In the 1960s, General Telephone and Electronics Corporation, GTE, employed my father to visit their Central Offices in Georgia to connect measurement equipment to their telephone switches. The purpose was to monitor the system for evidence of problems. They came up with all kinds of measurements in that era; one of the most enduring was Answer-Seizure Ratio, ASR. The ASR is 100*(number of calls attempted)/(number of calls answered).
So if we place 1,750 calls in a day, and 1,650 of them are answered, then the ASR is 100*1650/1750=94.3% ASR is formally documented in ITU-T document E.411: “International network management – Operational guidance”. One of the earliest written references to Answer-Seizure Ratio from a 1985 CCITT “Red Book” is a sort of apology for the measurement:
The answer/seizure ratio should be also based on historical records or, if available, on measurements taken during the period the route was used.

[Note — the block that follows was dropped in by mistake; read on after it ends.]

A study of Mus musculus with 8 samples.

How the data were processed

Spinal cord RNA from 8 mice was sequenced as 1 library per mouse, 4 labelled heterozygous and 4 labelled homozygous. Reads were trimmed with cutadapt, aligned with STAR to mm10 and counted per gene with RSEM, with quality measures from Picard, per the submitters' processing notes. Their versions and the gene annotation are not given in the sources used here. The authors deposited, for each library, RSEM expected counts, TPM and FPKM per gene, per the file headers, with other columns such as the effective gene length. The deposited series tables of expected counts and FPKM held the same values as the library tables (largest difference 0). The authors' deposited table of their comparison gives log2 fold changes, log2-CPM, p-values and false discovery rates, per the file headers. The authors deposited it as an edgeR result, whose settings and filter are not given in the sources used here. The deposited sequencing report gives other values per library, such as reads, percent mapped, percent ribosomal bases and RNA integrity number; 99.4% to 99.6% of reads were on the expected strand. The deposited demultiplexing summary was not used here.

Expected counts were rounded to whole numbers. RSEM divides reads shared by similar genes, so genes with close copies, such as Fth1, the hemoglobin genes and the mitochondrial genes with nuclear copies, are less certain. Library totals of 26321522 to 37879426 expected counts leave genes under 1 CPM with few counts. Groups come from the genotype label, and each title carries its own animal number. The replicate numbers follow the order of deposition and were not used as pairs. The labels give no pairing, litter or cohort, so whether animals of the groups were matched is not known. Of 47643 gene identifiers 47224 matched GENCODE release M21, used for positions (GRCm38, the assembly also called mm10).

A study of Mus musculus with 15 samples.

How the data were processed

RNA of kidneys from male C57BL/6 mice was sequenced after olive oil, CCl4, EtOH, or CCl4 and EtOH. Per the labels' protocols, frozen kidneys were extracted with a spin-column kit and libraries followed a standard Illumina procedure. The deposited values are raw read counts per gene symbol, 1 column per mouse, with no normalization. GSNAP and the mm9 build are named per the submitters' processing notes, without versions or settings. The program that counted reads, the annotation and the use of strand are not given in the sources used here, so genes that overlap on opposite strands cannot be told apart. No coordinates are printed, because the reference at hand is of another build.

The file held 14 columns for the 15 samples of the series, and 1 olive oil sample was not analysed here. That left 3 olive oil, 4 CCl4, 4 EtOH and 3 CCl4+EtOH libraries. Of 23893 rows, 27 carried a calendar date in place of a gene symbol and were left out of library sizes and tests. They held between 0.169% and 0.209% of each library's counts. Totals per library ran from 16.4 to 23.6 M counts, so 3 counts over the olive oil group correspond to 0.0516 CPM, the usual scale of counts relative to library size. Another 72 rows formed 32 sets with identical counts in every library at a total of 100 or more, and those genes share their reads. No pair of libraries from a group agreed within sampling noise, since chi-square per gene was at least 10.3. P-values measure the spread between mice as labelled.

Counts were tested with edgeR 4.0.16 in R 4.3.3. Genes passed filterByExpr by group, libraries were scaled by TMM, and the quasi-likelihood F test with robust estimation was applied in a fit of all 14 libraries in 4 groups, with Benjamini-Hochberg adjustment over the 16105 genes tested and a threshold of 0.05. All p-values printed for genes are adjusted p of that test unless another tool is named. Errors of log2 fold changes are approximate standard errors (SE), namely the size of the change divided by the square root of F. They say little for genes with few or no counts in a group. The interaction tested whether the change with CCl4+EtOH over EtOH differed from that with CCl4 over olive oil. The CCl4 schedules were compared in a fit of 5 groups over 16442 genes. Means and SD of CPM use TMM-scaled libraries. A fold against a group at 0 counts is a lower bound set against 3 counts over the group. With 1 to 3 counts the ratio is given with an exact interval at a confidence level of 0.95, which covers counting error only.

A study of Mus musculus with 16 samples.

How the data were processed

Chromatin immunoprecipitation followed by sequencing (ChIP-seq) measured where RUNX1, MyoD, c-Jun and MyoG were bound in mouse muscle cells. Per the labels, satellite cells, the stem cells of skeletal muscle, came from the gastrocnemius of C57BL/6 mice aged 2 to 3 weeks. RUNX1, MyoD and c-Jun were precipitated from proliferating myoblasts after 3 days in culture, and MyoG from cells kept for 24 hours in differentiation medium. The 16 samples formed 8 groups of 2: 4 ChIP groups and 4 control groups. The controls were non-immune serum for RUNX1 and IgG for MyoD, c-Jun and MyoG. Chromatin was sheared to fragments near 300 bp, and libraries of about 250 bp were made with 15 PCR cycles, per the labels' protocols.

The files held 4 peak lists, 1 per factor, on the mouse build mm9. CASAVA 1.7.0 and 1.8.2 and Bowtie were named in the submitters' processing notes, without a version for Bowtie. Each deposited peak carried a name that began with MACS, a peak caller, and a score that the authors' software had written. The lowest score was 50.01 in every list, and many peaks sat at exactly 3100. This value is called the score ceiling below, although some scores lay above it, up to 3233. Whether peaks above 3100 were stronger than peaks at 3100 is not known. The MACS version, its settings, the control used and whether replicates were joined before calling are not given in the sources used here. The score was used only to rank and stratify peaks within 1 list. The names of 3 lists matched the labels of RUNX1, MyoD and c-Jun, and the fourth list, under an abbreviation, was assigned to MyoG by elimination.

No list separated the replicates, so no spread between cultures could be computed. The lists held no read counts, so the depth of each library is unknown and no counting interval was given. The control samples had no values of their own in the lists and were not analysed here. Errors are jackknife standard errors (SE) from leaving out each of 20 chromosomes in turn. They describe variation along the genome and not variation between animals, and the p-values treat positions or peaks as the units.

Two key points here:
- An ASR value for a specific route (call path) is meaningful only when compared to other values from the same call path
- An ASR is meaningful only if it expresses a period of normal traffic
Let’s look at what has happened since 1985:
- 1987: Caller ID was introduced commercially in the US
- 1991: Auto Dialers become such a problem that the US government regulates them.
- 1996: 67% of American homes have an answering machine (up from 7% in 1985).
- 2011: Recruiting professionals estimate 50% to 80% of their calls are answered by voicemail
- Errors. How many calls failed with some sort of error? Here you have to be intelligent. For example, an INVITE that “fails” with a 401 is no failure at all. On the other hand, an INVITE that failed with 606 is probably a real failure.
- Timeouts. How many calls failed due to some sort of timeout. This would indicate that the called device failed to reply to some sort of signaling message.